Monday, April 19, 2010
THE GOOD, THE BAD, THE WEIRD opens: Spaghetti Western with a twist
ing treats, and we hear the dulcet call, "Candy! Rice cakes! Independence for Korea!"
Yup: We're long past Kansas, and so much farther west of California that we're east.
THE GOOD, THE BAD, THE WEIRD (yes, it is definitely meant to remind you of The Good, the Bad and the Ugly) has already begun with a scene in which a sleek, handsome but slightly scary young Asian man has been given an assignment from an older, powerful and probably lethal fellow that involves the delivery of a valuable map. Then we see a scene of hawks and vultures stealing carnage and suddenly all hell breaks loose, as bandits and bad guys of every sort seem intent on steal-
ing that map -- which you immediately suspect to be a McGuffin. You'll be right.
Eastwood-Van Cleef-Wallach team from that earlier film: Jung Woo-sung (from The Warrior, as the Good, shown two photos above), Lee Byung-hun (from Joint Security Area and 3 Extremes, as the Bad, shown on poster at top) and Song Kang-ho (from Memories of Murder and The Host, as the Weird, shown above).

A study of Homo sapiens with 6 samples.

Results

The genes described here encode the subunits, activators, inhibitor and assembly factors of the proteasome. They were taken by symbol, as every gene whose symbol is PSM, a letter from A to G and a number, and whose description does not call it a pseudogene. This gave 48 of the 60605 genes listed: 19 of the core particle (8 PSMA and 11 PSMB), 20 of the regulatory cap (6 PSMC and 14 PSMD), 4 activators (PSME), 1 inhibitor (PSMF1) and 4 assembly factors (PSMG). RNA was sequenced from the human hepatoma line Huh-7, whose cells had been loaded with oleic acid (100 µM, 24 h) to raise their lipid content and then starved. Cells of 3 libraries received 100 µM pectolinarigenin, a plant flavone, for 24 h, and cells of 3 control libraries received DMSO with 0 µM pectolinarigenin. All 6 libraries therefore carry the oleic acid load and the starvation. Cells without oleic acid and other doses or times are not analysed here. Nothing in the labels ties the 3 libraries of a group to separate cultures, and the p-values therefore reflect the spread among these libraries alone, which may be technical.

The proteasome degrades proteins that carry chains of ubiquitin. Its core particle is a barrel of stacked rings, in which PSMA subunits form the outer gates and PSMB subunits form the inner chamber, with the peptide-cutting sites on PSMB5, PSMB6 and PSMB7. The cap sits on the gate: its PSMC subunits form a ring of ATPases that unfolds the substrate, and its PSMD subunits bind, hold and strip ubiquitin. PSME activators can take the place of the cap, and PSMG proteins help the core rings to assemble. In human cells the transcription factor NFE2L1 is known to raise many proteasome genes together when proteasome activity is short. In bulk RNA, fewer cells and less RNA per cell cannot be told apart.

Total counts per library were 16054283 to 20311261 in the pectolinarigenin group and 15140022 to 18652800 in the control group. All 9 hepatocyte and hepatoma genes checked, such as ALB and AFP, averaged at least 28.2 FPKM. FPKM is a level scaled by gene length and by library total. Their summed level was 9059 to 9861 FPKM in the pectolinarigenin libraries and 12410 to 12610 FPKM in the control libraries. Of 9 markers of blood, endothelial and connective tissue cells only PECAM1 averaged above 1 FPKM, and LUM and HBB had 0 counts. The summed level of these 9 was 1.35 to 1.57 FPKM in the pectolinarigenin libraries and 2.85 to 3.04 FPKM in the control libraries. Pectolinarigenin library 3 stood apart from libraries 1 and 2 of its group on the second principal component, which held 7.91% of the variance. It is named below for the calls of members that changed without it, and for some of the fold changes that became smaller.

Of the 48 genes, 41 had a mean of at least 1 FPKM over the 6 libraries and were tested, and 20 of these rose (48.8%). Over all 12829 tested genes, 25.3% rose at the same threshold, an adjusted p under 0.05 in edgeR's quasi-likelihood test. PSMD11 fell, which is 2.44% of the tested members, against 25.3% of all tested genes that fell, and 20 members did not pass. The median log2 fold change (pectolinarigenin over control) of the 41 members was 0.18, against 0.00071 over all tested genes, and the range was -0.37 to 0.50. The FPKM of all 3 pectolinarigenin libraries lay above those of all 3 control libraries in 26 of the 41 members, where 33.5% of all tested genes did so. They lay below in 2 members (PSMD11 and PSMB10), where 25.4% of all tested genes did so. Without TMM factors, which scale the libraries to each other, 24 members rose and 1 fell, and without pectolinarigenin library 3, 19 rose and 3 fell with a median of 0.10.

Kim Jee-Woon's movie is a one of those art-house/film buff crowd-pleasers that nearly everyone can enjoy. Mr. Kim (shown at left), who has ear-
lier given us the much-praised Tale of Two Sisters and A Bittersweet Life, is clearly intent on trying out all sorts of genres, and doing each to a fare-thee-well. As much as I love Korean films, I have noticed that they do tend to go on (and on). Koreans, I guess, expect their money's worth, and this movie, at a two-hour-and-ten-minute length, certainly gives it.
IFC Center and is also available On-Demand. If you're not in NYC, click here to determine how to get it -- though in truth, the big screen is the way to watch this one.